The problem with a “public option” for a consolidated Health Care program is not rationing (the government never rations anything). The problem is competition. The public option in the bill before the house would pay for most medical procedures (even if they are rationed) at public expense, much like Medicare and Medicaid do now. Most insurance companies could not compete with the “bottomless pit” of the government’s wallet. That would leave only Walmart-sized regional centers like the Mayo Clinic as private options, forcing most Americans in rural areas to depend on the government public option. The Progressive Caucus, led by Southern Arizona’s own Raul Grijalva, has forced the public option on Congress as a form of Trojan Horse that will lead to “single payer” healthcare (ie. government run, see Barney Frank’s comments on Youtube)This is what has people who recognize what it means in an uproar. Eventually, the majority of health care in this country will be in the hands of the government if there is a public option. In Europe this is called “Socialized Medicine.”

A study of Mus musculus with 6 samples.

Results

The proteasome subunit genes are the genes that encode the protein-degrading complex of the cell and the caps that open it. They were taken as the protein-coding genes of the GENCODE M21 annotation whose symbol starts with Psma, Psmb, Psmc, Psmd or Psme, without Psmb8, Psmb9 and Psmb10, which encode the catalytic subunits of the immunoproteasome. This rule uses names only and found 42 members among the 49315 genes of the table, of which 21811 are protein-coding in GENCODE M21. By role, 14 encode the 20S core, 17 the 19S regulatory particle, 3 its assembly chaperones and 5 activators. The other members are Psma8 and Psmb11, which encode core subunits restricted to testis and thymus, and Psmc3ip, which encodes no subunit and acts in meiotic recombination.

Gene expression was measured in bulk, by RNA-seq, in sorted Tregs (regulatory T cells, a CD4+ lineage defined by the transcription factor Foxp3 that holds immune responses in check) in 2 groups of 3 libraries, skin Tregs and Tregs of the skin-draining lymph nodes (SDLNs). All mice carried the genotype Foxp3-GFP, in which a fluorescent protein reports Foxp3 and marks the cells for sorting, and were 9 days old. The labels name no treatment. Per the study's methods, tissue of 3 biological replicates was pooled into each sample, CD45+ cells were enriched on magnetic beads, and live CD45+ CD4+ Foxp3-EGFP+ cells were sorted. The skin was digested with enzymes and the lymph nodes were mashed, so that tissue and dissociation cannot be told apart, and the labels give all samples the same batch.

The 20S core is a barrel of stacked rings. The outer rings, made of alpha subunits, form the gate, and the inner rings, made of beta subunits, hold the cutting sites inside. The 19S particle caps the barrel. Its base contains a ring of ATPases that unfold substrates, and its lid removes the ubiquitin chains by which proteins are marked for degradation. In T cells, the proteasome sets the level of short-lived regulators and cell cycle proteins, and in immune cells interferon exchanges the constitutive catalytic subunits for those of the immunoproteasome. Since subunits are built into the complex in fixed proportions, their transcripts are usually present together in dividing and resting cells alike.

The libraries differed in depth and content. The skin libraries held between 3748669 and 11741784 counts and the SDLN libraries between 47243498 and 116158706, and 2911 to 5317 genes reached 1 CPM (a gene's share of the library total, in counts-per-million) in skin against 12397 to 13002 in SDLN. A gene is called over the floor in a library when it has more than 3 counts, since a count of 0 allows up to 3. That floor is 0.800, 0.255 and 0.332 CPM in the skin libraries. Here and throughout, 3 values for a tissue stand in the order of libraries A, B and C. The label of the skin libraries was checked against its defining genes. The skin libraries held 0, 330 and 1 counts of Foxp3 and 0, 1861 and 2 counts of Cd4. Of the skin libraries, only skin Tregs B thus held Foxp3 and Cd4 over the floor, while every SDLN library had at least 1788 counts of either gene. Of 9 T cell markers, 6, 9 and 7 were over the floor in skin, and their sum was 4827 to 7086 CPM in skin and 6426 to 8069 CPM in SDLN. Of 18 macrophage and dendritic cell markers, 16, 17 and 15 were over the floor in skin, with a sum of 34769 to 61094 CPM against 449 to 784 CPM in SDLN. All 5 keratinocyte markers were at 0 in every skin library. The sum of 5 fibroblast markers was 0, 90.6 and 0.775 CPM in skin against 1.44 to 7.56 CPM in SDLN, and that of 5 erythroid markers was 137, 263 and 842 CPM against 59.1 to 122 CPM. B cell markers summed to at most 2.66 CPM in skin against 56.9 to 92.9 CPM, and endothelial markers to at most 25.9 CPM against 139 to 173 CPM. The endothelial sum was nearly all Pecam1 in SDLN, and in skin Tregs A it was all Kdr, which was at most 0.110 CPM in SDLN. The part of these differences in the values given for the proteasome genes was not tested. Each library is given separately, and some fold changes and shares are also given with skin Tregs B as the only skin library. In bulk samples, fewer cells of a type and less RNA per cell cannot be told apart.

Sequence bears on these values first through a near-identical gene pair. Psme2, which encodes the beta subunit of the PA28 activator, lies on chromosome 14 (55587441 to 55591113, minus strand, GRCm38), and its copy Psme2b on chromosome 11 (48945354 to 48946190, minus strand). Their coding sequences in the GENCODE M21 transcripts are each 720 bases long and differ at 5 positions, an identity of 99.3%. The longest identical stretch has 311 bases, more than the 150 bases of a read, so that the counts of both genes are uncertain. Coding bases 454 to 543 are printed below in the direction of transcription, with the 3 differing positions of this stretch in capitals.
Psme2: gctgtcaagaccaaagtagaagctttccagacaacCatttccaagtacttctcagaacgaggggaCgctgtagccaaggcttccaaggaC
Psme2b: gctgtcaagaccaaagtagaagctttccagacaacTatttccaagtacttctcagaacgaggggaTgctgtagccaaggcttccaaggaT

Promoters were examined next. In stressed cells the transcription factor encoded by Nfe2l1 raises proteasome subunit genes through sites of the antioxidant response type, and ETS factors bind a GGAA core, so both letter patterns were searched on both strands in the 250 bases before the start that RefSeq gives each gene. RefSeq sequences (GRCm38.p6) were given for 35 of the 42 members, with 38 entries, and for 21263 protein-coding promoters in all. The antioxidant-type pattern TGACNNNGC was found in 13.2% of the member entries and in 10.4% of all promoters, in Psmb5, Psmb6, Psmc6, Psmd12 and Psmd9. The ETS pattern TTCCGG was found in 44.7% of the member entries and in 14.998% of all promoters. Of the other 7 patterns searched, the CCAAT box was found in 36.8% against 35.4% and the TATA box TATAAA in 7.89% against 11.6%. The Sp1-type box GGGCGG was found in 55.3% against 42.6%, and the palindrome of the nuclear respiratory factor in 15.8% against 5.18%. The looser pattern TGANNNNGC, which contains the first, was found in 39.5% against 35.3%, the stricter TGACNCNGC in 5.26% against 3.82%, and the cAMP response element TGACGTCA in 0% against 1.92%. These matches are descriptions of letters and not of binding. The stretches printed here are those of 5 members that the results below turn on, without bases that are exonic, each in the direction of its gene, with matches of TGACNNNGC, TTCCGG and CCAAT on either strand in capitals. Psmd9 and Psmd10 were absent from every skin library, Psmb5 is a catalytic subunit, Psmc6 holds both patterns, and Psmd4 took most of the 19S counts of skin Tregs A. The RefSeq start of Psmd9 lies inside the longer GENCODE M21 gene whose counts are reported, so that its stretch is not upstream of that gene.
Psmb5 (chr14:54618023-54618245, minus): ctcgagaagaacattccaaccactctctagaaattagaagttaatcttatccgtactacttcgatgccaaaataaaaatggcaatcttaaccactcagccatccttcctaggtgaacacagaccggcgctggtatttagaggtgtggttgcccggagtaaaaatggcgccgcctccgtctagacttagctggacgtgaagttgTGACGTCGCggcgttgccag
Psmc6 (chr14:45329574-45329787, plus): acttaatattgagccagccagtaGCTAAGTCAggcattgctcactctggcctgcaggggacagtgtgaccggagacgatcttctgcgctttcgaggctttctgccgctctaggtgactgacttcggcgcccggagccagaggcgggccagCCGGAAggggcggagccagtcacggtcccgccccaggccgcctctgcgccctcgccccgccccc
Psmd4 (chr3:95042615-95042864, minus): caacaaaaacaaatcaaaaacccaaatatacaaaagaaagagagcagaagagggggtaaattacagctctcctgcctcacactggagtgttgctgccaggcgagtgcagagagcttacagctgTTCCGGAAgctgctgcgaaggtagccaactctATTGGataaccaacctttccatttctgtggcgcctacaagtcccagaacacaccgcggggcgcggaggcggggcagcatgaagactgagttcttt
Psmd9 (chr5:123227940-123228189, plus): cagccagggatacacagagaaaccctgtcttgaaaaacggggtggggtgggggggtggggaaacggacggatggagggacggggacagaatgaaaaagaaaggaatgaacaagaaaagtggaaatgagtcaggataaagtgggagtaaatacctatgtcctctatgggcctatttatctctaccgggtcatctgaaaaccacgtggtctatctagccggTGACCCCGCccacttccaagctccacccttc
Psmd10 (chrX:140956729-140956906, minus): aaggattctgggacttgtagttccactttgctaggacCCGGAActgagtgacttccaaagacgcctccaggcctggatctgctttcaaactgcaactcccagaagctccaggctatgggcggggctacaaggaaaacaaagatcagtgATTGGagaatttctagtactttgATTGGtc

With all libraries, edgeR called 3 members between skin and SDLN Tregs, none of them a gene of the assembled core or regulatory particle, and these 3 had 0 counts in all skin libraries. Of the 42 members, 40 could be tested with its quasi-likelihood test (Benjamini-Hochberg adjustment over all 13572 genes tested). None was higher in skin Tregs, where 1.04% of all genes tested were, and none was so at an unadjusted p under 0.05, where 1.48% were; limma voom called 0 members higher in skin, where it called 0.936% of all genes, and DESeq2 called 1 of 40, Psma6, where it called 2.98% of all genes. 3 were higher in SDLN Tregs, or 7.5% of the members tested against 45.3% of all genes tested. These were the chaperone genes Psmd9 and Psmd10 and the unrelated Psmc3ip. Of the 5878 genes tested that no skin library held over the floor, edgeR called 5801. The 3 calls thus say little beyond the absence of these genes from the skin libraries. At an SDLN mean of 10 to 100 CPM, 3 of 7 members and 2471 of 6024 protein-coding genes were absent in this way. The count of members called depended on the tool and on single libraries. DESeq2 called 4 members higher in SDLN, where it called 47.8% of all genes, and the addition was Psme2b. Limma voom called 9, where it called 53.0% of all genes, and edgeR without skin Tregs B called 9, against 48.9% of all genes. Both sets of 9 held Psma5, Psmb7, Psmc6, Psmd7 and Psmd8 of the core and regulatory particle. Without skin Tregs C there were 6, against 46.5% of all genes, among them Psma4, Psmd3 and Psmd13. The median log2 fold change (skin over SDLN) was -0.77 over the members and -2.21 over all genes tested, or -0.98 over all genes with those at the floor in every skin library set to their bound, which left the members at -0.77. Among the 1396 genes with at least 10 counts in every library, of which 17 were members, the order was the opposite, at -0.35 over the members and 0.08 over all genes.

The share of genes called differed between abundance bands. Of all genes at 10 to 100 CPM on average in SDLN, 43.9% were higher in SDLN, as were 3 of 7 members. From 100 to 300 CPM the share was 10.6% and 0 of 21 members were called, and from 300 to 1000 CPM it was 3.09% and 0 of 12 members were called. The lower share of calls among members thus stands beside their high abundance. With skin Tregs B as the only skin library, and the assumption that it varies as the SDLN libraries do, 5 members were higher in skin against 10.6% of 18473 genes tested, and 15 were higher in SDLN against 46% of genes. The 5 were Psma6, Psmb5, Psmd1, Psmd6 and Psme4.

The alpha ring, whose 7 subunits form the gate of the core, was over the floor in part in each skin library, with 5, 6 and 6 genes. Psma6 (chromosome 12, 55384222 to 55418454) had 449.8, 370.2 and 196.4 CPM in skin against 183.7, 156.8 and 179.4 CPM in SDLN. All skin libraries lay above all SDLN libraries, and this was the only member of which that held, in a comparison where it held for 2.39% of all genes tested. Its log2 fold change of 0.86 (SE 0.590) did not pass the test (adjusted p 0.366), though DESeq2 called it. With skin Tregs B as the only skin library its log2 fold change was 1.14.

Why is Socialized Medicine a problem? Costs. When has the government ever run a program with any kind of efficiency? (Check out Medicare, Medicaid, the Obama stimulus package, Cash for Klunkers, etc.). The Congressional Budget Office estimates the cost of the proposed HR3200 plan at $10 trillion over the next ten years IF the majority of health care remains in the private sector. The estimates beyond ten years are astronomical. Furthermore, these estimates do not include the ballooning costs that go with every government program. The public option is simply a bad idea, rationing aside.
Why isn’t District 7’s Raul Grijalva coming to Yuma this month to hear our voices on the proposed plan? Because he doesn’t need to hear our opinions. Our opinions do not matter to him on this issue. As the leader of the Progressive Caucus, his only concern is ‘getting to’ a single payer system, no matter what the cost to taxpayers. Government-funded healthcare is “progressive” and that is all that matters.
The problem for the Progressives’ plan for healthcare is that there are better researched, more cost effective programs out there, notable, those proposed by the Heritage Foundation. Rather than involving the government as payer, they emphasize competition and standardization, leading to reduced cost, not more and more choices, not fewer by putting responsibility in the hands of Americans and not Progressives in Washington. They would strengthen our health care system, keep the choices you have, and avoid the problems already encountered with Medicare and Medicaid. Rationing would be your choice, not the governments.